CARACAS, Venezuela — Questions and condemnation of Venezuela's leadership poured in Tuesday following the suspicious death of an opposition activist who authorities say evaded justice by throwing himself from the 10th floor of a police building.
Fernando Alban was arrested Friday at Caracas' international airport upon arrival from a trip to New York to galvanize world opinion against President Nicolas Maduro's socialist government.
The country's chief prosecutor said that Alban killed himself Monday by leaping from the 10th floor of the state police agency's headquarters, where he was being held for alleged involvement in an international plot to kill Maduro using explosive-laden drones.
But opposition leaders, backed by several foreign governments, have cast doubt on the official version, and accused Maduro's government of torture and murdering the politician.
The U.S. State Department said it condemns what it called a human rights violation, while Spain's leftist government called for consultations the Venezuelan ambassador in Madrid over the death.
Meanwhile, the United Nations urged officials in Caracas to launch an impartial probe to resolve the conflicting versions of how Alban died.
"There are so many different reports and quite a lot of speculation on exactly what happened," said Ravina Shamdasani of the U.N.'s top human rights office in Geneva. "Whether Mr. Alban committed suicide, whether he was thrown, or what exactly happened."
As international criticism of Maduro's government grew, Alban's family, fellow politicians and family members of other jailed activists paid a final tribute to him Tuesday in a ceremony at the opposition-controlled Congress.
A who's who of opposition leaders took turns filing past Alban's casket, draped in the Venezuelan flag, while his grief-stricken sister placed a framed portrait of her deeply religious brother shadowed by an image of Jesus Christ.
Hours after his death, a few dozen of Alban's supporters gathered outside the police building yelling "Maduro killer!" contending that he had been murdered. They later assembled outside Caracas' morgue to demand his body be handed over as rumors spread he would be cremated to hide evidence of possible torture.
"There's no doubt this was an assassination," opposition leader Julio Borges said in a video from exile in neighboring Colombia, without providing evidence of his claim. "The only thing left for this government is torture, violence and destruction."
While dozens of youths were killed in violent street battles with security forces last year, the death of government opponents while in state custody came as a shock to many Venezuelans, something akin to the far deadlier, right-wing dictatorships that dominated South America in the 1970s that Maduro frequently denounces.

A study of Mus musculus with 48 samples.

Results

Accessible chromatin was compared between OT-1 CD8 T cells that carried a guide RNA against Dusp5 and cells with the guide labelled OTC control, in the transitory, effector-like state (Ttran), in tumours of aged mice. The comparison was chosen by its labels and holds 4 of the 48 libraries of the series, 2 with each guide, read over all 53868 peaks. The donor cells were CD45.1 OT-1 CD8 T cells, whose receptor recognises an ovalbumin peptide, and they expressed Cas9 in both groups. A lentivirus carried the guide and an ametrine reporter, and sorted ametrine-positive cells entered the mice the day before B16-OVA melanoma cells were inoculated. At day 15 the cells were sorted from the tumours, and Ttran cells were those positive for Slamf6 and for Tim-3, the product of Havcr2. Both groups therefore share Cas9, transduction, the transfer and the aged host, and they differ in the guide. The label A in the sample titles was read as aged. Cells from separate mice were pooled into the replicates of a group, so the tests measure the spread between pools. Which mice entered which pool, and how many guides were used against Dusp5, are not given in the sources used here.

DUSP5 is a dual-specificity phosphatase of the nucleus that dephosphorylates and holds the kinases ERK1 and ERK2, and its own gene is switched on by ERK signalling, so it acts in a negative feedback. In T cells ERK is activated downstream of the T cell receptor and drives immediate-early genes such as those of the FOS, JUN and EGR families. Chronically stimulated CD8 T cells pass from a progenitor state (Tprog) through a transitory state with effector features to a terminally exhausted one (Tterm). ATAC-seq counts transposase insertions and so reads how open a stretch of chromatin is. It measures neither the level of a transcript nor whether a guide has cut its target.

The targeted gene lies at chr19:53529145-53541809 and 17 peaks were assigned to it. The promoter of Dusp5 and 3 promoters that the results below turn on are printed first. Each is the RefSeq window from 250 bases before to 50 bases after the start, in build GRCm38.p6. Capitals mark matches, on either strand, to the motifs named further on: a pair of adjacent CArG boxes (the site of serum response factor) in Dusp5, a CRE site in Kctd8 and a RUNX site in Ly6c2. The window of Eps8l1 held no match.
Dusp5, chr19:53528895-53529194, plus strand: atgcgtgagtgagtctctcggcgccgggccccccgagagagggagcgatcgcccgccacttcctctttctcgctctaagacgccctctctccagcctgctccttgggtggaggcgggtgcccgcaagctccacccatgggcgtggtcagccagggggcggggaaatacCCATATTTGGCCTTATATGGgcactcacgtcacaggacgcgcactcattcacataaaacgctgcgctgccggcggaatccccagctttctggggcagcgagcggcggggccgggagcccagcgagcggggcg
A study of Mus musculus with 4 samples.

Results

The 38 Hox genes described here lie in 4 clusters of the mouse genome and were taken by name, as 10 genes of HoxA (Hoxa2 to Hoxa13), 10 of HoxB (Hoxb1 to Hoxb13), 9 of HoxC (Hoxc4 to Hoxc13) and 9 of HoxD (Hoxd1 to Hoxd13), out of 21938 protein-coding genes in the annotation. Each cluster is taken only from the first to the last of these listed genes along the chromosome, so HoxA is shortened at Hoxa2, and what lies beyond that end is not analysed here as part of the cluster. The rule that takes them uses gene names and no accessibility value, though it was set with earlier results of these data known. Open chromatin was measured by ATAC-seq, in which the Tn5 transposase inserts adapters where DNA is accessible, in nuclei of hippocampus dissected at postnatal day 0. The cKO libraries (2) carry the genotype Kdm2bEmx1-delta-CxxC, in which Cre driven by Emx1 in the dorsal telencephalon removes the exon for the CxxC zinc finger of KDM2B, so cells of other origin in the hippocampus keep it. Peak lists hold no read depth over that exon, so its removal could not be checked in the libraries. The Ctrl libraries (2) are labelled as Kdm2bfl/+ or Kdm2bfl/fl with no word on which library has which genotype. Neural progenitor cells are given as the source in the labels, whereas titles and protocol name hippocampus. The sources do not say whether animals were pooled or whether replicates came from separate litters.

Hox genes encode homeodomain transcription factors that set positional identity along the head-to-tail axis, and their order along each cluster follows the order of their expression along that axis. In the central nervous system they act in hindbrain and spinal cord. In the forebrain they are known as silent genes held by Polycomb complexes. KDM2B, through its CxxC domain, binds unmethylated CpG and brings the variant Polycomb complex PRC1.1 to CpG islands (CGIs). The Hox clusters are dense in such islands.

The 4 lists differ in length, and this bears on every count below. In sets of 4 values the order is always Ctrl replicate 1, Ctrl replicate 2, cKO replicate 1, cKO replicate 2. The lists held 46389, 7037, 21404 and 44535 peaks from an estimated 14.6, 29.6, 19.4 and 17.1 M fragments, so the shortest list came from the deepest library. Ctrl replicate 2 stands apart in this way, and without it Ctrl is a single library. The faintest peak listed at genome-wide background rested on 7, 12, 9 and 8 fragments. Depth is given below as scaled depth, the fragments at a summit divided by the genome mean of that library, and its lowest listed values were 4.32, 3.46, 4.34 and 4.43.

The opposition claims that more than 100 Venezuelans opposed to Maduro are being held as "political prisoners," some for more than four years, with little access to the outside world and their legal rights routinely trampled on. The government denies they are political prisoners.
Borges, who led the delegation to the U.N., said Alban's wife told him that her husband had been under intense pressure to testify against him in the ongoing probe into the alleged plot in early August to kill Maduro using two drones loaded with explosives.
More than two dozen people have been jailed on suspicion of involvement in the plot, which Maduro claims was orchestrated by Borges with the support of Colombia and the U.S.
Chief prosecutor Tarek William Saab ordered an investigation into the circumstances surrounding Alban's death, which he classified as a suicide.
In brief comments on state TV, he said Alban was in the waiting room of the headquarters of Venezuela's intelligence police waiting to be transferred to a courthouse when he asked to use the bathroom. He then threw himself from the 10th floor of the building, officials said.
Republican Sen. Bob Corker, the outgoing chairman of the Senate Foreign Relations Committee, who is in Venezuela for meetings with Maduro and his opponents, called Alban's death while in the government's custody "disturbing."
"The government has a responsibility to ensure all understand how that could have happened," he said in a message posted on Twitter.
Also expressing concern was Venezuela's Catholic bishops' conference and Luis Almagro, the head of the Organization of American States and a sharp critic of Venezuela's socialist government, who called Alban's death "the direct responsibility of a torturing and homicidal regime."
Borges, who said Alban was a personal friend, said the councilman, who represented a district in the Caracas area, was a family man and devout Catholic who would never kill himself.
"Alban is a very Christian person, with deep spiritual convictions that go contrary to a decision to take one's life," said lawyer Joel Garcia, who has represented Alban.
He said he met with Alban the night before in the tribunal and his client had seemed calm. Garcia said authorities cannot determine that a death is a suicide without an investigation and he would ask to be present at the autopsy.